Editorial: Are we prepared to deal with seemingly harmless but deadly drugs?

Bring up the subject of illegal highly addictive drugs and the first to come to mind, among the many in circulation, would be cocaine, heroin, or marijuana.

Then there is what is known as designer drugs that can easily be manufactured in garages at home such as methamphetamines, LSD, etc.

The designer drugs usually come in the form of tablets, are cheap and easy to conceal in deceptive packaging. Authorities are fighting a losing battle with the drug trade because it’s a lucrative business with endless supply and users.

Now, there is a new threat that is much more addictive than traditional drugs and easily accessible; opioids. As usual, new recreational drugs get their stamp of approval in the US which also has one of the highest drug-related deaths through overdose.

Tramadol, a pain reliever, is one of those opioids causing a lot of countries sleepless nights that the US has classified it as a controlled substance.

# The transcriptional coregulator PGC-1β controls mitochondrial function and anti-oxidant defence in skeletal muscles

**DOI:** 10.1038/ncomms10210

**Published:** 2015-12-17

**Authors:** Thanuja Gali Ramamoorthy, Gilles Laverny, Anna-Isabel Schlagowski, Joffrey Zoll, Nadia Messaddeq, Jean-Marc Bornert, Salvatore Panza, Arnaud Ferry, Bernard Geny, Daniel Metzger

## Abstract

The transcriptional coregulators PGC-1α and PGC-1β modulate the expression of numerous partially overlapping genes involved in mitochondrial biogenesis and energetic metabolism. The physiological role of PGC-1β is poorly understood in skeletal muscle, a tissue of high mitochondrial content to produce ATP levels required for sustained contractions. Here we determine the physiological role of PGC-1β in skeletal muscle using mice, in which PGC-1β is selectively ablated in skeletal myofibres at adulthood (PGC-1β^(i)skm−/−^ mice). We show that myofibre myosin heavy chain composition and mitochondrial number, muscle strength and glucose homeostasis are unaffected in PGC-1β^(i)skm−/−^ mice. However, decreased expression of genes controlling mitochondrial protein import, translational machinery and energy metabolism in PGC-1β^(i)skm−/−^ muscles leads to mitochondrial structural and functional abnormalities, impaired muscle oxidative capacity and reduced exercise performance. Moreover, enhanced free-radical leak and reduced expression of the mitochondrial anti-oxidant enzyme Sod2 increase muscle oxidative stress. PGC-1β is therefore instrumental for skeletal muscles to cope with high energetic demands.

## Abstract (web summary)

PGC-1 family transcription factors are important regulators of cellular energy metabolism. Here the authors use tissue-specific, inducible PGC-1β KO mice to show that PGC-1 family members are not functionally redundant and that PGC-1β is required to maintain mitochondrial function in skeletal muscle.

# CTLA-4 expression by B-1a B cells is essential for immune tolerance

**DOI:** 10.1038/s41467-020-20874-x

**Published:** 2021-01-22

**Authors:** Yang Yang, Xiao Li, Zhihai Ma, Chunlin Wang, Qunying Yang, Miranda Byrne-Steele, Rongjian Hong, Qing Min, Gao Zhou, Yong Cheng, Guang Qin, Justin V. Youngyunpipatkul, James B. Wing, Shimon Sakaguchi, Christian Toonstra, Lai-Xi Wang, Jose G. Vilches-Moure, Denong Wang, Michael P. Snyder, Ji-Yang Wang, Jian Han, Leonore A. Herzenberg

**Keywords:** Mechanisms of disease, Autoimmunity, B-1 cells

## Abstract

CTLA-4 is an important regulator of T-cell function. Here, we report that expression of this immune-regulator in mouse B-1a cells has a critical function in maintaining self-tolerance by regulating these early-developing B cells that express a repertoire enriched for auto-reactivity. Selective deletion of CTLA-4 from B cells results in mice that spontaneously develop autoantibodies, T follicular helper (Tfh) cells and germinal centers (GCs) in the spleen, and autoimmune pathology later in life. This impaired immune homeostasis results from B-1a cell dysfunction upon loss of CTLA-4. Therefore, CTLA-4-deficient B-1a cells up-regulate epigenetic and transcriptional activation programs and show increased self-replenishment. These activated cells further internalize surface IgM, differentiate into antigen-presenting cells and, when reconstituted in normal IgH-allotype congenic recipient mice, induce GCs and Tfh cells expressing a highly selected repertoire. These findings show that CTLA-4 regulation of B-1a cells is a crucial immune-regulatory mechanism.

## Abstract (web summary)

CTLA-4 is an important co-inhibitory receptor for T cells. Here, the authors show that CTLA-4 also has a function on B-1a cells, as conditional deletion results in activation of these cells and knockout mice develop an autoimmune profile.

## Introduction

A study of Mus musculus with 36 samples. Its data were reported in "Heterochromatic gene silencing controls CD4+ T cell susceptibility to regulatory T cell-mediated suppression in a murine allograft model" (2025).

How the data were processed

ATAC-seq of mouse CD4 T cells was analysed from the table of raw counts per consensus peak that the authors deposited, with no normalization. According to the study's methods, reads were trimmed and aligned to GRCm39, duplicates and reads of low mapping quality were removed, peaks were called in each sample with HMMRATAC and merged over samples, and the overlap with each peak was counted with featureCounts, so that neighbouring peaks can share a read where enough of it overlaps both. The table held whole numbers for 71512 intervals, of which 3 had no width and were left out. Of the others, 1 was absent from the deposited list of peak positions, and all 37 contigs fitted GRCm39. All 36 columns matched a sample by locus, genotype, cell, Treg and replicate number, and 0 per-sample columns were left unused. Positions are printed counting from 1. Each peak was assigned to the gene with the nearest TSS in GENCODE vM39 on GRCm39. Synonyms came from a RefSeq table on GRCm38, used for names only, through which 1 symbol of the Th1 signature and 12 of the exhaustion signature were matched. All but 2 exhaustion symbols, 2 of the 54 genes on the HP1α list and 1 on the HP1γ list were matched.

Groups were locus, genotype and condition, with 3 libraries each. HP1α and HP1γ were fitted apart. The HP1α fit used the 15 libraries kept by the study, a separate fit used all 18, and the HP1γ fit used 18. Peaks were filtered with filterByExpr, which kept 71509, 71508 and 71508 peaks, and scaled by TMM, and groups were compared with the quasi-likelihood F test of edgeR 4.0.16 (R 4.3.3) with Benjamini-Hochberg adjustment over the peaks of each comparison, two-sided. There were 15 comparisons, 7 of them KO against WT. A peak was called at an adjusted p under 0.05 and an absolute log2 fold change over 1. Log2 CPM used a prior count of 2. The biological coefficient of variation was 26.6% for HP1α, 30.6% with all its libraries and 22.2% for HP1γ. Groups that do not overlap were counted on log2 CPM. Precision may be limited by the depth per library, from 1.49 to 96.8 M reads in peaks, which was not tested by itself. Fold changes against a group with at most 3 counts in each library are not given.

But Africa is also now in the crosshairs, both as a transit route and consumer. A short while ago, Nigerian authorities seized half a billion Tramadol tablets destined for Benin, said to be the largest destination of Indian Tramadol.

But Nigeria has even more worries; Codeine-based cough syrup that is causing havoc among its youth. It is an over-the-counter medication with a deadly secret that has ensnared thousands of victims.

Rwanda has not been spared though it could be said that drug abuse is still relatively low. But the government says it is spending over Frw100 billion every year rehabilitating drug users.

Whatever steps the government takes, it will have to be vigilant: Cough syrup is easily available and a Coded Medicine list published by the Ministry of Health has Tramadol on numbers 0625, 0626 and 0627, in both tablet and injection form. How safe are we from the new threat?